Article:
Four infamous IT meltdowns

The government’s track record with IT projects is not exactly stellar

When it comes to IT projects, nobody bungles things better than Uncle Sam. 

The FBI’s “Virtual Case File”
Price tag: $170 million 
The replacement for the Fed’s antiquated case management system fell victim to massive scope creep, caused in part by changes to the FBI’s mission after September 11 (having five CIOs in four years probably didn’t help). Last year the Feds scrapped the VCF project in favor of a new SOA-based plan called Sentinel. 

The FAA’s “Advanced Automation System”
Price tag: $2.6 billion
This early attempt to modernize the nation’s air traffic control system crashed before it ever took off. In 1994, the FAA wrote off an estimated $1.5 billion of the expenses and tried to salvage the rest. The AAS itself was merely part of a 25-year, $45 billion overhaul that has been fraught with every ill known to IT.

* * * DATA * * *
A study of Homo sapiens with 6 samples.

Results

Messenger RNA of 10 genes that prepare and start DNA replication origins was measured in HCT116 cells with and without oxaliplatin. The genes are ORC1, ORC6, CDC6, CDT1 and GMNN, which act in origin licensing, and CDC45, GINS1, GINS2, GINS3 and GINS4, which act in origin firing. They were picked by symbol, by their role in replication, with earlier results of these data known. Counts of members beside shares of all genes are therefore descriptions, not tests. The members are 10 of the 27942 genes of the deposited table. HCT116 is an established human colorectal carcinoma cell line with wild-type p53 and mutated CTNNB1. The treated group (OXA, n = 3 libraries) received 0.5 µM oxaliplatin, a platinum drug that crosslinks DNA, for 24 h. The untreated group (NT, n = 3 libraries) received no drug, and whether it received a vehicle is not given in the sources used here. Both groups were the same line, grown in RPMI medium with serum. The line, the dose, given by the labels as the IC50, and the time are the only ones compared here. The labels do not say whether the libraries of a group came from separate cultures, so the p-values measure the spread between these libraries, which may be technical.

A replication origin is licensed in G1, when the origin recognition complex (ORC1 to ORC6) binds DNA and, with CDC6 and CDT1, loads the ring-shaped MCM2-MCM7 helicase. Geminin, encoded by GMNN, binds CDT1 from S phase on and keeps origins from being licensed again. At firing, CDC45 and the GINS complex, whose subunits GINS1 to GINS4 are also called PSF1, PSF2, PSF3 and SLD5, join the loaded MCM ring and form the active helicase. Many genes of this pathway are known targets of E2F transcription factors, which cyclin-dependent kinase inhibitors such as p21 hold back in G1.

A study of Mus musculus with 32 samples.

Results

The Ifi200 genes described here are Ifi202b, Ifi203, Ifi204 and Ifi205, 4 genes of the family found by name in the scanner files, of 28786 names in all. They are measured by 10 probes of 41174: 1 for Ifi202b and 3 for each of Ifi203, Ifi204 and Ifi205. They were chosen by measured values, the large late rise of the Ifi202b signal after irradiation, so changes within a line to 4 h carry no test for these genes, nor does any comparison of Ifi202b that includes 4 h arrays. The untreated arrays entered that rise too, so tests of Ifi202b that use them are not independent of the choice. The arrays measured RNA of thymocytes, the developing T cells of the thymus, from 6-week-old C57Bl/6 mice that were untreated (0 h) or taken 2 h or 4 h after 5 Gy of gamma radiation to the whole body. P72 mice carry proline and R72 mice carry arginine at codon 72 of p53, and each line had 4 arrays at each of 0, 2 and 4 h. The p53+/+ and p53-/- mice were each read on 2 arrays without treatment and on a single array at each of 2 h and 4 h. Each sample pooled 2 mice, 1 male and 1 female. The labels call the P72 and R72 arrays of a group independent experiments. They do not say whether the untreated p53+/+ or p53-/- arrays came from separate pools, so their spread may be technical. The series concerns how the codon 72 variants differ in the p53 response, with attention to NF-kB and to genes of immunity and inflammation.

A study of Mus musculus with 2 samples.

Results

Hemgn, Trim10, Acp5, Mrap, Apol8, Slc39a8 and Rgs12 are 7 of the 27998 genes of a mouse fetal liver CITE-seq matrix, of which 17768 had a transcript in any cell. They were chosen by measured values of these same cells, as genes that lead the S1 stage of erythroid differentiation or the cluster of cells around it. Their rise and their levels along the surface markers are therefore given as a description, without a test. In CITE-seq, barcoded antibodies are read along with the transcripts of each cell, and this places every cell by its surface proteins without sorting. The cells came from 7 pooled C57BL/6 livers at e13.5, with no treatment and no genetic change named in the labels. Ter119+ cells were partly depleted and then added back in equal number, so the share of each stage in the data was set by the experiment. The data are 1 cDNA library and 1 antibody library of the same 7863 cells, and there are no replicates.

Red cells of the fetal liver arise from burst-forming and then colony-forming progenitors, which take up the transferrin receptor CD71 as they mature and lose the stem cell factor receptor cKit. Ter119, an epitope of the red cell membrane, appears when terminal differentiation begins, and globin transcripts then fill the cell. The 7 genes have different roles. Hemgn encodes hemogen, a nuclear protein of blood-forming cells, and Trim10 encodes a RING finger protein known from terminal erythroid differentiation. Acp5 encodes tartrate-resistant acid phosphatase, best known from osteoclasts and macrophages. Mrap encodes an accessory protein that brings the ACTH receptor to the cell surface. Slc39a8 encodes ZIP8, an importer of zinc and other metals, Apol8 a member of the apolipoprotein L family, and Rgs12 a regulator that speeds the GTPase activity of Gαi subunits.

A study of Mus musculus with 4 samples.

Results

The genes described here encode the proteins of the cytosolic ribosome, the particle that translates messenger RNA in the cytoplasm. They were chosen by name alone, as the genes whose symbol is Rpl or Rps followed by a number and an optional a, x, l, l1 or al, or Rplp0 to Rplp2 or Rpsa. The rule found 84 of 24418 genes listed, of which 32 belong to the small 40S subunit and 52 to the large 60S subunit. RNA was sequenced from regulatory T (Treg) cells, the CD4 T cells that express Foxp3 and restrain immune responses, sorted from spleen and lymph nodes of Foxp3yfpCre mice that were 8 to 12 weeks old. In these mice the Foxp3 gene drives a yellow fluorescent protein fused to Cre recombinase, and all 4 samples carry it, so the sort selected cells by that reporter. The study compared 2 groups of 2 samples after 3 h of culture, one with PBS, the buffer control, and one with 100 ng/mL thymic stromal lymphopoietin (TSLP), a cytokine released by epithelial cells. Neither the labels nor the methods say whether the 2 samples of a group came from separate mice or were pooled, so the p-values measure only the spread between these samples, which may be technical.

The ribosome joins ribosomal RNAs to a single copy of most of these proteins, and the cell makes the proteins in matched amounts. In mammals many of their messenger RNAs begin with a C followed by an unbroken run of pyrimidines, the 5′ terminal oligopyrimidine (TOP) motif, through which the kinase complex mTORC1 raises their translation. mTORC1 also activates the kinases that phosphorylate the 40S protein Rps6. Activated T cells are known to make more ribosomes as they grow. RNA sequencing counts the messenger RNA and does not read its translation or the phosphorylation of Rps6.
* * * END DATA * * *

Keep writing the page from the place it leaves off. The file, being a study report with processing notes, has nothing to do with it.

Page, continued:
The IRS’s “Business Systems Modernization”
Price tag: $8 billion and counting
After abandoning a $3.4 billion modernization project in 1997, the IRS embarked on a 15-year, $8 billion plan that quickly grew even more troubled than its predecessor. After numerous personnel changes and some scathing GAO reports, the project might finally be getting on course, if not on budget. Then again, it’s not like they’re going to run out of money.

Department of Defense’s “Business Systems Modernization”
Price tag: $19 billion (fiscal year 2004)
From the people who brought you the $600 toilet seat comes the modernization project from hell. A May 2004 report by the GAO found the project to be “fundamentally flawed ... and vulnerable to fraud, waste, and abuse.” The DOD’s IT roster includes over 200 systems for managing inventory and 450 for personnel, but all come in the same color: green.